After an unprecedented 10-day drop in prices, December cotton prices scratched out a higher close at week’s end. Lower prices had been expected, but only down to 67.00-67.50 cents in the near term. The historical rule suggests a 6-day drop is possible, but not the 10 day-collapse the market suffered.
More and more trading rules are changes. The December contract fell to 66.17 before finding enough support to fight for a higher close. The two week fall did not appear to be supported by fundamentals, so where was the culprit?
Plantings and even early crop development favor a big crop and lower prices, but production hot spots have been well recorded. Much of Texas needs moisture, and the Mid-South needs a lifeguard. The West needs air conditioning, but that crop is not pollinating yet, so potentially the heat will not be a significant issue. Parts of the Southeast will go under water over the weekend, but that crop could still rebound with record yields.
With July 4 still nearly two weeks away, the Mid-South also has time to post a record yield. The same can be said for Texas and the potential million dollar rain that could hit in the next six days. Thus, Mother Nature will prove to be the major soothsayer as to whether December can be pulled back up to 73 cents or if prices will be pushed down to near 60 cents.
Fundamentals, take a look at export sales! By all rights, the market should have shot higher on the week. Net upland sales on the week totaled a very strong 167,500 RB, with Vietnam (108,300 RB) and China (28,200 RB) being the leading buyers. Pima sales totaled 9,500 RB. However, sales for 2017-18 delivery exploded to 475,300 RB, comprised of 426,800 RB of upland and 48,500 RB of Pima. Thus, all sales on the week exceeded 600,000 bales, and still the market fell by triple digits.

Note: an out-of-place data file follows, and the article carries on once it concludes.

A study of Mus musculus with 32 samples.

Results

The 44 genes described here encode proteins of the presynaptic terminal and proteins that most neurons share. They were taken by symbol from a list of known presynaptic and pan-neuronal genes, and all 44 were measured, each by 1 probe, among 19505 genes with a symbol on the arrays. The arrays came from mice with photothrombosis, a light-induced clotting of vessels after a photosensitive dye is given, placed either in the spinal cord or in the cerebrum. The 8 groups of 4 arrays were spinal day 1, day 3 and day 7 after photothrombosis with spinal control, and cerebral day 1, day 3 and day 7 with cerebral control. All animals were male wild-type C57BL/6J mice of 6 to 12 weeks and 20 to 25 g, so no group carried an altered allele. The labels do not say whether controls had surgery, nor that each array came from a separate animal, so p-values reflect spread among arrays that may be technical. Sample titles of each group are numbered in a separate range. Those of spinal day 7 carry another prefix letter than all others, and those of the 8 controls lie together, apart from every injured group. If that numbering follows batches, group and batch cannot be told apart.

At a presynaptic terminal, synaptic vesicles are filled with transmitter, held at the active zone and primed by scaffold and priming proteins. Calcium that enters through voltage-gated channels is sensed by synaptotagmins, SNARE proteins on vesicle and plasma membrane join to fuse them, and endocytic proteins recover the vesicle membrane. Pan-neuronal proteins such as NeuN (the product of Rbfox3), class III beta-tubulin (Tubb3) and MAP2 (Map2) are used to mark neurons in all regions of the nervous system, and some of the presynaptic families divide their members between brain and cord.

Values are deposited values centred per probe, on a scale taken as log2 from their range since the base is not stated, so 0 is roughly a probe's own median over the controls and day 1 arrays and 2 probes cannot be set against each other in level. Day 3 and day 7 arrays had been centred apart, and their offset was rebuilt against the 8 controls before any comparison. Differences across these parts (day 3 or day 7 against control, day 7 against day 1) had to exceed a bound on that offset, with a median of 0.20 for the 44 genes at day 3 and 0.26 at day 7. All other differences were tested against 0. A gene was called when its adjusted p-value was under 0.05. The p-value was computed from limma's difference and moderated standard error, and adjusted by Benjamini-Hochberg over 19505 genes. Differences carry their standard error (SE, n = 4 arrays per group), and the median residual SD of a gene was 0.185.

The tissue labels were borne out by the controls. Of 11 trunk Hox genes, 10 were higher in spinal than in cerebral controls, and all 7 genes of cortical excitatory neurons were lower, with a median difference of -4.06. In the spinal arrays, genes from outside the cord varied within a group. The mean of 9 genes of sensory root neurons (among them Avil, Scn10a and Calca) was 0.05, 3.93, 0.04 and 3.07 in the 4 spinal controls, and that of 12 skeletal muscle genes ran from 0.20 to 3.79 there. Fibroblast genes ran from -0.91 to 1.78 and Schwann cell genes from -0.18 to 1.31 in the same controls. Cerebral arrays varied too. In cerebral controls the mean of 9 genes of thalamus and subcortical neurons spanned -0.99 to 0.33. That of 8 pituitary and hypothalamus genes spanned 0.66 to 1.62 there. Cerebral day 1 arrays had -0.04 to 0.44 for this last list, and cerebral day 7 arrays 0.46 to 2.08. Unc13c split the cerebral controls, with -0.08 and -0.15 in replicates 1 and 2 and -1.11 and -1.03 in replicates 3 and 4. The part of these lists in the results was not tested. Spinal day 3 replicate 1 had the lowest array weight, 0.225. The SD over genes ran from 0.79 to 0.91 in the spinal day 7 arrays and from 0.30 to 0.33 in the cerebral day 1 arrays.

Again, fundamentals were not the culprit, although there are bearish fundamentals in the mix. We tweeted a couple of weeks ago that the speculative funds were exiting the market, and their withdrawal has continued. In fact, the commitment of traders report suggests fund liquidation has been more aggressive than expected, and therein lies the culprit.
Funds have just pulled out of cotton. They had a magnificent run, and cotton was their star for much of the year, outperforming both the grains and metals. Boosted by the now solved on-call sales dilemma, exceptionally strong U.S. export sales, and China and India’s appetite for U.S. cotton, the cotton market simply outperformed most other markets. Yet today, faced with minimal economic inflation and a larger world crop, fund managers have pulled their cash out of market, parked it in liquid accounts and moved to the sidelines to wait for their next market play.
Additionally, this week saw strong algorithmic trading taking prices lower. The combined action by these two sets of traders totally took the breath out of the cotton market. Thus, the market is trying to catch its breath and adjust to the void of the needed speculative open interest.
Prices are consolidating and waiting for the next fundamental to provide leadership. Exports will continue to be a key, but again, Mother Nature will be the only game in town for the next two-to-four week span. Export sales to China have been underestimated simply due to most not anticipating that China must have high quality cottons (U.S., Australian and Brazilian) to mix with their National Reserve Stocks that are now mostly mid to low grades.
U.S. export sales will continue to outperform most all prior years. We previously addressed the competitive price and quality advantage that 2017-18 marketing year export sales have enjoyed. Export sales for the 2017-18 marketing year are the second highest – at this time of year – of the past 30 years, outpaced only by the record established in 2011. With the exception of India, most countries will purchase nearly as much cotton from the U.S, if not more, as they did during the 2016-17 marketing year.
Certainly abandonment in the Southwest is always a major price factor. There are definite trouble spots, but it remains some two weeks too early to kill that crop, and the market is telling us that. It is not unusual for the market to kill the crop a couple of times early in the growing season. Thus, we will revisit the Southwest – and in particular District 1S – before after the second week in July.
With only 26 more shopping Fridays until Christmas, remember…give a gift of cotton today.